In fact, I use this technique to control epoxy sheen levels to get a satin, eggshell, semi gloss, or matte finish on all my epoxy projects.
I included a FREE resin calculator at the end of this post, so download a copy before you go.
So, let’s get started with a list of things I used for this project
Tools I UsedRotex Sander
Soft Sanding Pad
HEPA Dust Extractor
120 grit Sandpaper
150 grit Sandpaper
180 grit Sandpaper
220 grit Sandpaper
320 grit Sandpaper
Felt Buffing Pad
Applicator Pad for Oil
There are several things which are difficult to fully explain with words and images, so be sure to check out the video tutorial below!
First, I sand the surface with 120, 150, 180, 220, and 320 grit sandpaper.
As I outlined in my epoxy sanding article, I use a specific sander and technique to sand epoxy resin.
More importantly, I use a dust extractor attached to my sander to remove as much resin build up as possible.
Next, I sand across the surface with 1 or 2 passes and remove the resin build up on the sandpaper with an air compressor.
Also, I overlap each pass with the previous pass by a few inches to prevent sanding lines.
Then, I sand the epoxy surface in the opposite direction (with the grain or the longer direction).
I repeat this step for each sandpaper grit.
Control Sheen Level with Final Sanding Grit
The most important aspect of this project is sheen level.
After all, the point of writing this tutorial is to teach you how to get a matte finish on epoxy.
First, I use Odie’s Oil finish on epoxy surfaces when I want more control over sheen levels.
Essentially, the final sanding grit determines the sheen level of Odie’s Oil.
Since I want to achieve a matte finish on this epoxy table, my final sanding grit was 320 grit.
I find any grit under 400 leaves a low sheen (flat or matte).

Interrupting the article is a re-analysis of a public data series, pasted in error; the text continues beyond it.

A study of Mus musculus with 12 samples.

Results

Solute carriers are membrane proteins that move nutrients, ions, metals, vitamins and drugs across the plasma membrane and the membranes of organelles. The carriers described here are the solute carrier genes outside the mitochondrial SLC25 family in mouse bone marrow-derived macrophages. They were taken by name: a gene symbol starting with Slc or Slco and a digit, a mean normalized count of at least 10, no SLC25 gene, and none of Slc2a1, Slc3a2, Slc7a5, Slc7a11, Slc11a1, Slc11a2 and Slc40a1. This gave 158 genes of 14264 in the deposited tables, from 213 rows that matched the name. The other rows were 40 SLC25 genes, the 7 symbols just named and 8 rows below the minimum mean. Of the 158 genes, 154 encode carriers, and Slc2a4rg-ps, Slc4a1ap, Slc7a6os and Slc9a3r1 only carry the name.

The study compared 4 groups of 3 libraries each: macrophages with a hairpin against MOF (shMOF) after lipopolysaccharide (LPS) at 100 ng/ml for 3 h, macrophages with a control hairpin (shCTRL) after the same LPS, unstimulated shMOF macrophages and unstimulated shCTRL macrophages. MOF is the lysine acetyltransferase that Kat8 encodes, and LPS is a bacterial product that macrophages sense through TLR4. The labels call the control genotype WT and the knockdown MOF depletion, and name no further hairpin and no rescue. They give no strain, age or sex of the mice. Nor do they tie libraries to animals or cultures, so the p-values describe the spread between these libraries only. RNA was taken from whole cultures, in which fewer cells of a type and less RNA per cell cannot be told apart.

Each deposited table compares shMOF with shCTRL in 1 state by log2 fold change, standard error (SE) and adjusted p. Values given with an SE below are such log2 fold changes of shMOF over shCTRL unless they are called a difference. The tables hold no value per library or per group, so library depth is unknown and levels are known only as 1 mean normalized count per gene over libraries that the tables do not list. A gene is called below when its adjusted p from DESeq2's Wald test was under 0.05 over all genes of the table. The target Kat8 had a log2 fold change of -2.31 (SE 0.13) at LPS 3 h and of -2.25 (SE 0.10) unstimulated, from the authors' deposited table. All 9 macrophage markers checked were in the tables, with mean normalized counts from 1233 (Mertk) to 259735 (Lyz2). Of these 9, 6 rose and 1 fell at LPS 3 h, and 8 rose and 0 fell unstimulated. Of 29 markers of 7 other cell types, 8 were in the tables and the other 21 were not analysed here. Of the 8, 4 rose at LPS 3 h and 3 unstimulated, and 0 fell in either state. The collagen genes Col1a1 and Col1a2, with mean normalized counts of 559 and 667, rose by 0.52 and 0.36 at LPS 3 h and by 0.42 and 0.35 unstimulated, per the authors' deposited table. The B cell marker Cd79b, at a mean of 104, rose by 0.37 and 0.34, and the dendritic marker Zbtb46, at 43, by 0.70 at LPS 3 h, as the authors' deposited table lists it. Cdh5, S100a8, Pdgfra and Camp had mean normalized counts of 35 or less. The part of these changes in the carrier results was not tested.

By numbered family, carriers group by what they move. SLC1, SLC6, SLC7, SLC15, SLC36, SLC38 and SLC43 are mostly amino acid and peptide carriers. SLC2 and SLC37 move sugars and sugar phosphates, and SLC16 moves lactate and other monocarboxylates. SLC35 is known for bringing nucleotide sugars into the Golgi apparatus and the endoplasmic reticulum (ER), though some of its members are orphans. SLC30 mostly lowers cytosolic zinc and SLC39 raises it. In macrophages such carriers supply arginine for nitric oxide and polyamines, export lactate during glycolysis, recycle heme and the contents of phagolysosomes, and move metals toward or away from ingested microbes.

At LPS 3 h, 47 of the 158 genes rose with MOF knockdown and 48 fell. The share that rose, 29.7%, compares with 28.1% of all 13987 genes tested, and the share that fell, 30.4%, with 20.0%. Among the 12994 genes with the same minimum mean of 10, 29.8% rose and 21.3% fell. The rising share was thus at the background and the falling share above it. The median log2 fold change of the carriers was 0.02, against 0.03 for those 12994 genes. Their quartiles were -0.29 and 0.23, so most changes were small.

To clean the surface after sanding, I use a damp cloth.
Once I clean the surface, I verify no sanding swirls or pigtails exist on the epoxy.
Apply Odie’s Oil Finish
After I cleaned the surface, I applied Odie’s Oil to the epoxy resin and wood surface.
First, I stirred Odie’s Oil until the consistency resembled honey.
Next, I saturated a non-woven applicator pad with Odie’s Oil.
Then, I worked the oil into the surface.
I allowed the Odie’s Oil to sit for about an hour and performed the fingerprint test.
Essentially, the oil is ready when I leave a mark across the surface after wiping my finger across it.
Remove and Buff Odie’s Oil
To remove the excess Odie’s Oil, I wiped the epoxy surface with a terry towel.
Next, I used my festool felt pad to remove the remaining oil.
The felt pad really helps bring the surface to life.
Matte Finish on Epoxy
As you can see, this epoxy ocean art has a beautiful matte finish.
The combination of sanding with the correct sandpaper grit and using Odie’s Oil finish makes it possible to achieve multiple sheen levels easily on epoxy surfaces.
Please leave a comment down below if you have questions or tips on how to get a matte finish on epoxy.